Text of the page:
When I was a child, I was very up-to-date on the latest technology. I watched Sesame Street, followed by Mr. Rogers Neighborhood. My home received all the channels available – three local channels, and two PBS stations. I surfed the available programming by going over to the television, taking the pliers off the top of the TV, gripping the pin and twisting (the plastic dial had broken off years before my birth). Telephone calls could have made on our large, black rotary phone. During fifth grade, I played Pong and thought I was really onto something. We got an Atari 400, and I experienced my first educational programming: Lemonade Stand, while was a very early version of Roller Coaster Tycoon. Nowadays, a four-year-old could probably program that game while watching the latest episode of Dora the Explorer and surfing the Internet for accompanying website games to develop his map skills.
Technology can be both helpful and harmful for your children. Let's look at some of the pros and cons of using technology with your kids:
Stimulation and Learning Toys
Computer games and toys that simulate computers can be very helpful for learning. Repetitive games that teach letters, numbers and reading can be great, and the graphics and music accompaning basic facts can help kids learn.
Be careful, however, not to let your child become over-stimulated by video-type toys. Reading books with each other is another great way to develop reading readiness, and playing with puzzles or basic toys is also good. You do not want your child to depend on flashing lights and buzzers in order to learn new skills.
Video and computer games have been linked to vision injury in children, as well as carpal tunnel syndrome. In addition, addiction to these games is a very real consensus. It is extremely important to set time limits on gaming. While your child may develop some killer small motor skills, he could have ruining the nerves in his hands at the same time. Keep an eye on him (and his fingers).
Predators on the Net
The Internet is a remarkable learning tool. Work together with your child to research anything of interest. Most children's programming also has websites with games and activities. There are also interactive sites where children build houses, care for pets, or submit writing.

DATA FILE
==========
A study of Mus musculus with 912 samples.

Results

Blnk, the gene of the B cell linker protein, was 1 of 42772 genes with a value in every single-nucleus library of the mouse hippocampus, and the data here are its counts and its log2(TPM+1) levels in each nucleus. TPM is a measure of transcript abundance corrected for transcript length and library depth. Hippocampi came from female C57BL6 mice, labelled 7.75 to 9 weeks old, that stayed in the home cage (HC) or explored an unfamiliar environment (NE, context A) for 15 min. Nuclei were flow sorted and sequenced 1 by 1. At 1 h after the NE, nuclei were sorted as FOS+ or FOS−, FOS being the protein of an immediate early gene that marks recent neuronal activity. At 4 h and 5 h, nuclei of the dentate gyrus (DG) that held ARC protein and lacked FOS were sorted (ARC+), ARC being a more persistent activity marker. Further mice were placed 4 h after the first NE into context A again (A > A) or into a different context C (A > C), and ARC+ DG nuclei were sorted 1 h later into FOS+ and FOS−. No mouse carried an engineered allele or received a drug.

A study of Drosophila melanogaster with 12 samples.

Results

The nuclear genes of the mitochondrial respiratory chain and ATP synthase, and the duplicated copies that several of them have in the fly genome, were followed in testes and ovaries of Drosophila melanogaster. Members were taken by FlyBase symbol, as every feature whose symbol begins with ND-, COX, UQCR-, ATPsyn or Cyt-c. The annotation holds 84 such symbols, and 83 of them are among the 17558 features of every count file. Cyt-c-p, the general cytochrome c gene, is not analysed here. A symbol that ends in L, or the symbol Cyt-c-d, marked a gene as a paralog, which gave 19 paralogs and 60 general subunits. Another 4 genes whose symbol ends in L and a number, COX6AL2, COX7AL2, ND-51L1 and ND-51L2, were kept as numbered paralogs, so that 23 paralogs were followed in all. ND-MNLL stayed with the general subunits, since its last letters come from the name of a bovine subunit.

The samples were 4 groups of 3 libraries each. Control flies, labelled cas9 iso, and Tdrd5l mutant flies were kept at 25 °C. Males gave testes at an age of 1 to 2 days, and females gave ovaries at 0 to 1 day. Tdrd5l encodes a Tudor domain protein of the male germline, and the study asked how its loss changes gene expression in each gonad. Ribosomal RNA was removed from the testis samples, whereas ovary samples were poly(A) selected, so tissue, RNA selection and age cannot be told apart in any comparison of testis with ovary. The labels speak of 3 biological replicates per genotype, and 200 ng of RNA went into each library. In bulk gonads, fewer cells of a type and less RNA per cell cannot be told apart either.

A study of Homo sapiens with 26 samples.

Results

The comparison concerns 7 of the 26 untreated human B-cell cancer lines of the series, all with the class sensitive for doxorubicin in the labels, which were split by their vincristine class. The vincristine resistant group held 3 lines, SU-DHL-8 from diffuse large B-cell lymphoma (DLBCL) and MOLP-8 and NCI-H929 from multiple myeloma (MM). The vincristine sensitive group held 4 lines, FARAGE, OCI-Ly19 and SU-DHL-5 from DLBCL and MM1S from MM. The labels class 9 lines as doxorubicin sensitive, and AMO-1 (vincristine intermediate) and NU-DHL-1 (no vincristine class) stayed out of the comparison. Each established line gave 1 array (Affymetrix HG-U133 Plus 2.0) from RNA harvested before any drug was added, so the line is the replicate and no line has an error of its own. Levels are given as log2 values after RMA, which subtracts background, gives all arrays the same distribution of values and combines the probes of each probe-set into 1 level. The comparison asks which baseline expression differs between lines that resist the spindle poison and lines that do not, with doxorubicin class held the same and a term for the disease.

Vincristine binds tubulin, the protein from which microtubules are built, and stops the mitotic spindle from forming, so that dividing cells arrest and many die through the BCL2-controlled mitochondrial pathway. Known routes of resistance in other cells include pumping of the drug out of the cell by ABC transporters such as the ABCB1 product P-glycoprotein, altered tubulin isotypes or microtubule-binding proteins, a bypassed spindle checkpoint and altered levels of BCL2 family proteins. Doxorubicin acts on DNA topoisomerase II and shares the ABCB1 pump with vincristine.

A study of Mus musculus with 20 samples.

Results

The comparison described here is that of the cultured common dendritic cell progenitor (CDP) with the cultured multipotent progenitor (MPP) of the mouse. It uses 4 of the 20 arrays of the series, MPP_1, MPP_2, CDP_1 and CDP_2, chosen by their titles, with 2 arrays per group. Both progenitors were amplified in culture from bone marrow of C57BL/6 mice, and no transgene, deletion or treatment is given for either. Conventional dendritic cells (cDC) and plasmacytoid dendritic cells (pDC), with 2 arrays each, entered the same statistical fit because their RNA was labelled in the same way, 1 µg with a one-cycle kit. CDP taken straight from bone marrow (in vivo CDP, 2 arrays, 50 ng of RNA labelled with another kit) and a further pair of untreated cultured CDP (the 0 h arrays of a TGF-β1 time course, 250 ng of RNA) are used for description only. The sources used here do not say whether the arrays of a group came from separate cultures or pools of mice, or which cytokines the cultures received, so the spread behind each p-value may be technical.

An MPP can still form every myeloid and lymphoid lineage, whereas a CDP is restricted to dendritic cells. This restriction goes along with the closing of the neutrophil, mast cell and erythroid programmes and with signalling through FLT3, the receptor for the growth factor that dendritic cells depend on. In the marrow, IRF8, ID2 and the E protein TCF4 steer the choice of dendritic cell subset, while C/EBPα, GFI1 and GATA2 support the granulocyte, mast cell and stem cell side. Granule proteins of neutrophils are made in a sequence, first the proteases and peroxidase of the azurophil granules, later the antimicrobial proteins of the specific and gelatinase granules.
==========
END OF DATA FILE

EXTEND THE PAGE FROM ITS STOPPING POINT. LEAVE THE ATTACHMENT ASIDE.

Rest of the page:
Close parental supervision is of utmost importance when children are surfing the web. Chat rooms on kids' sites are often prowled by child predators. If your child has an email address, monitor it carefully for spam and sexual content. Kids are naturally curious, but can get into a lot of grown-up trouble quickly if left to their own devices online.
My daughter came home from fourth grade yesterday, begging for a cell phone. Since her teenage brothers both have phones, I assumed she just wanted to act older than her age. Not the case at all – over half her class has cell phones. The kids are talking, and texting at an incredible rate.
Cell phones can be a great communication tool. Kids communicate with each other and share their world via text and by taking and sending photos. The average ten-year-old is hooked into her world in a much bigger way than a few decades ago.
Parental monitoring is important here, too. Make sure your kids are still communicating in the old-fashioned way – face to face. Play dates and in-person interaction should not give way to texting. And texting or chatting should not get in the way of running around outside, riding bikes, reading, or doing homework.
Babies and Technology
Although television programming for babies exists, the American Academy of Pediatrics recommends that children under the age of two should not watch television at all. Too much stimuli may inhibit brain development. Also, experts maintain that babies should be bonding and interacting with family and caregivers – not watching a screen.
Some electronic toys emit high-pitched, loud noises that can permanently damage hearing. Test toys before buying.
Integrating your child's learning with technology is a great idea and will give her a head start in the modern cyber-world. Just make sure to monitor activity and stay involved. Maybe if you ask her nicely, she'll show you how to program the universal remote.